WEIDENMANN, Jacob (1829-1893). Beautifying Country Homes. A Handbook of Landscape Gardening. Illustrated by Plans of Places already Improved. New-York: Orange Judd and Company, [1870].

$ 2,200.00

Folio, (14 x 10 ¾ inches). 24 lithographed plates, including 7 double-page, with original hand-coloring in full; numerous in-text illustrations (occasional faint offsetting to text pages). Original publisher’s maroon cloth, gilt-lettered (extremities a bit worn, spine faded to brown).

Provenance: Bookseller’s ticket of D. Van Nostrand to front pastedown.

First edition. One of the “best works on landscape architecture published since 1820” (Marianna Griswold Van Rensselaer). A pivotal and essential reference work for any American botanical library, this work contributed directly to the American gardening and planned landscape movements. The author “received professional training in Europe and worked as an architect and engineer before emigrating to the United States in 1856. Recognizing opportunities for landscape gardening in the New World, he studied the writings of Andrew Jackson Downing and John Claudius Loudon and, in 1859, moved to Hartford, Conn….

“The best indication of Weidenmann’s early career can be found in his Beautifying Country Homes, which contains seven of his landscape designs and advice to homeowners on how to ‘improve and beautify…suburban homes.’ Weidenmann’s technical training is evident in the book’s discussion of site engineering and planting design, and his principles of taste are apparent in the 24 handsome plates that embellish the text…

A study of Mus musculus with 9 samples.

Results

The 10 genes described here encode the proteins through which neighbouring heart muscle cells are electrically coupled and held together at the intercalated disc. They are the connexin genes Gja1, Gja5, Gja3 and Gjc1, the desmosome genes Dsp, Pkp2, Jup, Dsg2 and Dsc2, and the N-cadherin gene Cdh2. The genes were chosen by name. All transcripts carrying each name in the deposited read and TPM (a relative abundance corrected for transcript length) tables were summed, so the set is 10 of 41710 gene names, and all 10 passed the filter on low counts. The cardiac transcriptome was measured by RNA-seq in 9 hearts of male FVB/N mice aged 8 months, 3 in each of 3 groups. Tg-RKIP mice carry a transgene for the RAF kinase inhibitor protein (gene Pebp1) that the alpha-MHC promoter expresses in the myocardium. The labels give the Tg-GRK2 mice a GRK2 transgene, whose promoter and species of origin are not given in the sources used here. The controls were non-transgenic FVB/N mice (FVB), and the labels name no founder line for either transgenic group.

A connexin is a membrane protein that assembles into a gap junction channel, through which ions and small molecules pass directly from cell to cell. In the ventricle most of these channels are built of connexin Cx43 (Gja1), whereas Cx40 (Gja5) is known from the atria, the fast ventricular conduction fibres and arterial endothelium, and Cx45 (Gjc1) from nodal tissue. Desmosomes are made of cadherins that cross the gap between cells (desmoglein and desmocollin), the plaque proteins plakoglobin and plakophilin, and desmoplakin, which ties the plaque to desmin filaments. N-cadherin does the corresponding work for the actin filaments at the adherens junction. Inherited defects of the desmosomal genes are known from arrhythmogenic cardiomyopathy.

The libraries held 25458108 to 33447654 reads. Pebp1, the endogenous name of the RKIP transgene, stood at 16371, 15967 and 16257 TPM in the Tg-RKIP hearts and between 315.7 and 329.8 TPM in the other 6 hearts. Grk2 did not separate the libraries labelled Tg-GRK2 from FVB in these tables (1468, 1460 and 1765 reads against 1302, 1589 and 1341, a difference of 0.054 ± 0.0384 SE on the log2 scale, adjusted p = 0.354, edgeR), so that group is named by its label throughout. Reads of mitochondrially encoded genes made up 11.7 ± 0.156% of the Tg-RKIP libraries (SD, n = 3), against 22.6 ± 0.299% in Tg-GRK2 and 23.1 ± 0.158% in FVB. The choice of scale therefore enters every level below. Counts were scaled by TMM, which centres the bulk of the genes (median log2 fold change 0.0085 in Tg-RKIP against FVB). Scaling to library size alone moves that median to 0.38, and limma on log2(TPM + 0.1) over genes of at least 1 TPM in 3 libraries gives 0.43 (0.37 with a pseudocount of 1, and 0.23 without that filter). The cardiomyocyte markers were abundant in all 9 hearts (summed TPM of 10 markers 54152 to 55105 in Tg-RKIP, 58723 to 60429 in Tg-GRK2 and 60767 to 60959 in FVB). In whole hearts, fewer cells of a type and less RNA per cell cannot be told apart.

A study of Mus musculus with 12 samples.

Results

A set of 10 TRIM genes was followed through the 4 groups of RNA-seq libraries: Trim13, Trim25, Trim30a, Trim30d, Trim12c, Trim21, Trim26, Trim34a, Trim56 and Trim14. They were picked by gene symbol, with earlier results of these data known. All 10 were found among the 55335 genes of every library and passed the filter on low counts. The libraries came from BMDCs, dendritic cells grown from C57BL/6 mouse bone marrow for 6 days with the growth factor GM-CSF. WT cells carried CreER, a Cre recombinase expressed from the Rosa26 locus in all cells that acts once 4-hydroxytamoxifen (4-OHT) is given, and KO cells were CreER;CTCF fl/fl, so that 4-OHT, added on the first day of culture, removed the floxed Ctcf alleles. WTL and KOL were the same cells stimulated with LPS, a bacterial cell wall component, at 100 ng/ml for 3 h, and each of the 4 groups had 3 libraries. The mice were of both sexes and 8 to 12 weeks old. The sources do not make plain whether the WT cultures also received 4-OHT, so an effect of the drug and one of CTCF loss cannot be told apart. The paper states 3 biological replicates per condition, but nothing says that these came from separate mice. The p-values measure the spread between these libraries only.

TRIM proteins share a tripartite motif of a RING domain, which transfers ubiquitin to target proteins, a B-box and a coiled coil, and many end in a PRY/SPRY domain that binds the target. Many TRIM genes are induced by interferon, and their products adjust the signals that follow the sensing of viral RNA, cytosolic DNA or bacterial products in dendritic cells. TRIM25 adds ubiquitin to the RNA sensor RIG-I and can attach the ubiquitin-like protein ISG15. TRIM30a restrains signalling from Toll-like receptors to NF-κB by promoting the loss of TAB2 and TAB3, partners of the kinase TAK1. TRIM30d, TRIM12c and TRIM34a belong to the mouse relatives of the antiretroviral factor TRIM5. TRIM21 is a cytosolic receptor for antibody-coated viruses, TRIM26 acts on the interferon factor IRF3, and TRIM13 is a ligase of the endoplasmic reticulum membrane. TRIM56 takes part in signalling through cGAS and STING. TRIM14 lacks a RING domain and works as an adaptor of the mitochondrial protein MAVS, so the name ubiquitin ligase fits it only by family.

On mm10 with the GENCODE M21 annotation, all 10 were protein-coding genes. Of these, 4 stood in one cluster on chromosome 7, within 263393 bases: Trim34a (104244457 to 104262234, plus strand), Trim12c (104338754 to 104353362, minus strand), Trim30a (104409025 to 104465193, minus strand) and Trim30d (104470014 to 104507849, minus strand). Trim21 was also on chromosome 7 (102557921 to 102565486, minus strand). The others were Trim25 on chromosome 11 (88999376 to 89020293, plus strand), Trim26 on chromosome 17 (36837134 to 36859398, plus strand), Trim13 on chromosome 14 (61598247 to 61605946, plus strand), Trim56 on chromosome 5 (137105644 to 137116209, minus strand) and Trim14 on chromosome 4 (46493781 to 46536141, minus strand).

“Near the time of the book’s publication, Weidenmann journeyed to Europe to study ‘various public works of our profession.’ Returning in 1871, he moved to New York City, resuming his association with Olmsted and Vaux to work on Prospect Park in Brooklyn and superintend construction of several suburban estates. He became Olmsted’s partner in 1874, and the two men designed Congress Park in Saratoga Springs, N.Y., and the Schuylkill Arsenal outside Philadelphia. Weidenmann also helped Olmsted prepare plans for Mount Royal Park in Montreal, the United States Capitol grounds and other important projects…

“Weidenmann brought thorough training to his chosen career, which he considered ‘this noblest of all Art professions.’ He urged the establishment of a professional school to raise landscape architecture ‘to proper standing in science and art.’ Appropriately, Harvard University awards a prize in his name to an outstanding student in landscape architecture, a fitting recognition of Weidenmann’s accomplishments and his commitment to his profession” (Tishler, American Landscape Architecture).